Sisterhood of Dirty Laundry

I am so grateful for the women in my life. On Facebook last week, I saw this post: “There is no better friend than a sister. And there is no better sister than you. Happy Sister’s Day.” I reposted, and since I don’t have biological sisters, I dedicated it to my “soul” sisters. At that point I was thinking of my closest friends, the women I consider to be the sisters I never had. Since that moment, I have given it much more thought—and I realize that I have more than a family of sisters. I have an army of sisters—a sisterhood.

Throughout my life, I’ve had strong female role models. Both my grandmothers were intelligent, hard workers. My mother was a bookkeeper, working to support her family and then herself until she was eighty. During my education and training to become a psychologist, my professors, mentors, and supporters were mostly female. And the same has been true in my relatively new career as a writer.

After a quick skim through my acknowledgements in East of Mecca, I’m reminded of all the women (and men!) who were part of the very long journey to get the book written and published. Now that it has been out for a year, I could easily add a hundred new people to that list—mostly women. All three bookstores that have sponsored my readings (Women and Children First, The Book Cellar, and The Book Stall) are women-owned. Women—including family, old friends, new friends, neighbors, patients, acquaintances, and strangers—are reading, reviewing, recommending, and rallying around East of Mecca in so many ways.

I’ve had wonderful endorsements from the Woman’s Club of Evanston, with support from and proceeds going to the YWCA of Evanston. And I’ve felt privileged to be featured as an “author package” for several fundraisers around Chicago. In exchange for donating some books and my time, I’ve been welcomed into the homes of lovely women who are passionate about supporting worthwhile causes. Two women from these fundraisers, Beth and Beverly, have been super-active in spreading the word about my novel, including promoting East of Mecca for a possible award nomination.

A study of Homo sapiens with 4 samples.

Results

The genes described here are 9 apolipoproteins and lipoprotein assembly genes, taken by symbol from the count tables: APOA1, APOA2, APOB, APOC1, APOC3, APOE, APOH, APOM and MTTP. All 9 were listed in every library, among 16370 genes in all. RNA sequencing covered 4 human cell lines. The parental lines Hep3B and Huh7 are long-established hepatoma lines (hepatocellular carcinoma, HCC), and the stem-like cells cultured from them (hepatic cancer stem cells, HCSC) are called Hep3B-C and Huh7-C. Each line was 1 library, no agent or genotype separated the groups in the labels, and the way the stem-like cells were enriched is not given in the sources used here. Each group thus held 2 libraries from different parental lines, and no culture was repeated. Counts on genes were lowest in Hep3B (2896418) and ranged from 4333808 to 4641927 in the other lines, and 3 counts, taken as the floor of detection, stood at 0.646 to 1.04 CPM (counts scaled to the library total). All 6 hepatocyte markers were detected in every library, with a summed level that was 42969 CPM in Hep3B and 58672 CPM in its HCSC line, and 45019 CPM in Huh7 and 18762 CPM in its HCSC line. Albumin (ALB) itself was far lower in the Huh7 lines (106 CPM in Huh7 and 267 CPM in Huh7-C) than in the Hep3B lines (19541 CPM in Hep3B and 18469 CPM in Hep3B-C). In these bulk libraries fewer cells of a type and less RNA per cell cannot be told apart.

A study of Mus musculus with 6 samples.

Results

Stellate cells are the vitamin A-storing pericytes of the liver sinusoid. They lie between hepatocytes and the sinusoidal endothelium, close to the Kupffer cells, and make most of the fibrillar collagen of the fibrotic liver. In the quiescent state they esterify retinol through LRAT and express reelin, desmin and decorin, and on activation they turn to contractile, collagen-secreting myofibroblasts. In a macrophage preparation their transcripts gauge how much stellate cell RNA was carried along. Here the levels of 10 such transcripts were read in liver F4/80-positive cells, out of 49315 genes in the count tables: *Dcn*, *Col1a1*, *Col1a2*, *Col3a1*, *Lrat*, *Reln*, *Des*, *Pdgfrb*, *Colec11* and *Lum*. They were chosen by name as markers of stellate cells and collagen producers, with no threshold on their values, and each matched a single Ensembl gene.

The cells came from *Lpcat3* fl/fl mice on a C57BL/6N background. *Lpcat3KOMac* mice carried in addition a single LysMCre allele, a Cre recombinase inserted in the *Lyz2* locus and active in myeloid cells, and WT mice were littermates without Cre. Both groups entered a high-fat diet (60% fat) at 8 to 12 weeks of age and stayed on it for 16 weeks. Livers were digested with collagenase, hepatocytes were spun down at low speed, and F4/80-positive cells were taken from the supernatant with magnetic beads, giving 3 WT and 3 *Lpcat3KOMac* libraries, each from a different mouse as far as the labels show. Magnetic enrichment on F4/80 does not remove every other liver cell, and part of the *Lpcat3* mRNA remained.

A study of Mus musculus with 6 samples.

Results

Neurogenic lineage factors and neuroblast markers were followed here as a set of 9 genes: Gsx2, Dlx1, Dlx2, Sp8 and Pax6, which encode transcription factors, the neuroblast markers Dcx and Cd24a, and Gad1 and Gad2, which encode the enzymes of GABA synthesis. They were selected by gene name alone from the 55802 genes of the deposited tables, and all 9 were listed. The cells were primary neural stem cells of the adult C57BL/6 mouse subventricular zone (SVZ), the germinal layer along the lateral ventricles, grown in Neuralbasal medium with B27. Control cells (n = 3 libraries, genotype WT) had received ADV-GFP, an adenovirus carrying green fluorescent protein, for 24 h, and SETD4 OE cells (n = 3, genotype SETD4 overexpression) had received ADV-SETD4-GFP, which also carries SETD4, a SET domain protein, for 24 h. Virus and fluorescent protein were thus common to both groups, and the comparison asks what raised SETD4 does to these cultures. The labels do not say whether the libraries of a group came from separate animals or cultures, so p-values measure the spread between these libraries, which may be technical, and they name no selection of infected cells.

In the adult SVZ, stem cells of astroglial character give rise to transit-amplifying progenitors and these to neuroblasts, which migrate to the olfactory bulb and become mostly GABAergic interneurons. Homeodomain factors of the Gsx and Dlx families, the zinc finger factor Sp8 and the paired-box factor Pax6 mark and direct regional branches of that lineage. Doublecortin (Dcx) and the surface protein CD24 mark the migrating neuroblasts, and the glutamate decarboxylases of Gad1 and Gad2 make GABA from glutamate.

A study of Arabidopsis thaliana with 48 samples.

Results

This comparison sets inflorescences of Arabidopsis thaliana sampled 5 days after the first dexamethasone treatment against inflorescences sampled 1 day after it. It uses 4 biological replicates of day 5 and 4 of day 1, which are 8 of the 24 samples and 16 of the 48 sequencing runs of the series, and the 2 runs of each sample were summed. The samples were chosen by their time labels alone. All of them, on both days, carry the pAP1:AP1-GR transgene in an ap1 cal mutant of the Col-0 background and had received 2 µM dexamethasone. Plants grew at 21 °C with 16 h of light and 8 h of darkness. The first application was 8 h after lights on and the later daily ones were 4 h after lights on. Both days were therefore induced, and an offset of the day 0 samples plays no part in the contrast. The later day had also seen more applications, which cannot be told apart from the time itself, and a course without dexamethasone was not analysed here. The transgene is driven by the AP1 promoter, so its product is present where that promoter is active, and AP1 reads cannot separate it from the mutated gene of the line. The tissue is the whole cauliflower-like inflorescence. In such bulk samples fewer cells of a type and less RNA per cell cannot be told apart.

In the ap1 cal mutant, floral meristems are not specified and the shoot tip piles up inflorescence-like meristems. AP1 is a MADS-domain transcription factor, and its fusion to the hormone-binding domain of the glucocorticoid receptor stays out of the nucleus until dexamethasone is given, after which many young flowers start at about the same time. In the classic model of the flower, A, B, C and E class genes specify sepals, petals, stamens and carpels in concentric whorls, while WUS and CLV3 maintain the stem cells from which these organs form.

Last week, a former high school classmate contacted me to buy a couple of books.Brenda had seen a picture and recommendation about East of Mecca on Facebook that had been posted by another friend, Nellie. I called Brenda to discuss the details and we had a lovely talk. Aside from seeing each other at a high school reunion in 2011, it had been forty-eight years. And now here she is, supporting my book and happy for me.

Saturday afternoon, I stopped by Perennials gift shop in Evanston to drop off flyers for my upcoming reading. There, I got a warm, welcoming hug from Patty, the owner. A year ago, carrying only my proof, I’d gone into her store to buy ribbon to match the colors on the cover because I wanted to give copies as gifts. Patty asked to see my book then asked where she could buy it. The next day I delivered her a copy and within a week she had read it and asked if I would attend her book club meeting after the members had also read it. Not only was Patty the very first person to buy my book who didn’t know me, hers was the very first book club I attended!

One of my greatest joys has been attending book club meetings to discuss my novel. The most recent was last Thursday night on the Chicago Gold Coast. Pam, the hostess, had purchased the author package I’d donated to the Loyola Ramble fundraising event last Spring, and graciously opened her beautiful home to me and all sixteen of her book club members. The lavishly set table was surrounded with vibrant, intelligent, and kind women who are dedicated to promoting good in the world. All were moved by the story and promised to help spread the word.

Between Patty’s and Pam’s, I’ve attended eight other book clubs—including one in Texas that I skyped into. All had lovely, bright, insightful women for whom East of Mecca resonated on many levels. And I so appreciate each and every one of them for taking the time to read my novel and graciously inviting me into their homes to discuss it. The outpouring of love and support I’ve received has made me stronger and braver than I ever thought possible. And for that, I am eternally grateful.

I’ve now met many women from different walks of life and have learned so much from their responses to the book—how they were enlightened, their relatable personal experiences, and what most inspired them. I’ve learned that connections are being made between women as a result of their having read East of Mecca. I’ve heard a chorus of women’s voices joined in protest against abuse of women and girls wherever it occurs. Mostly, I’ve learned that we, as women everywhere, are truly all more alike than we are different.

The power and influence of women is without equal! I am ever grateful to those who are passing along my book and doing all they can do to get the story out into the world—all who have chosen to walk the path with me and help me accomplish my mission by promoting my novel. These women are now part of my “soul” sisterhood—and I am honored to be part of theirs.

*** A note to ALL my many male supporters…I love you, too. Today was about my soul sisters…I will write about you, too!

Finally, I invite you attend a special reading from my novel East of Mecca at The Book Stall in Winnetka, Tuesday, Sept. 30 at 7:00 p.m. More information about the event can be found here.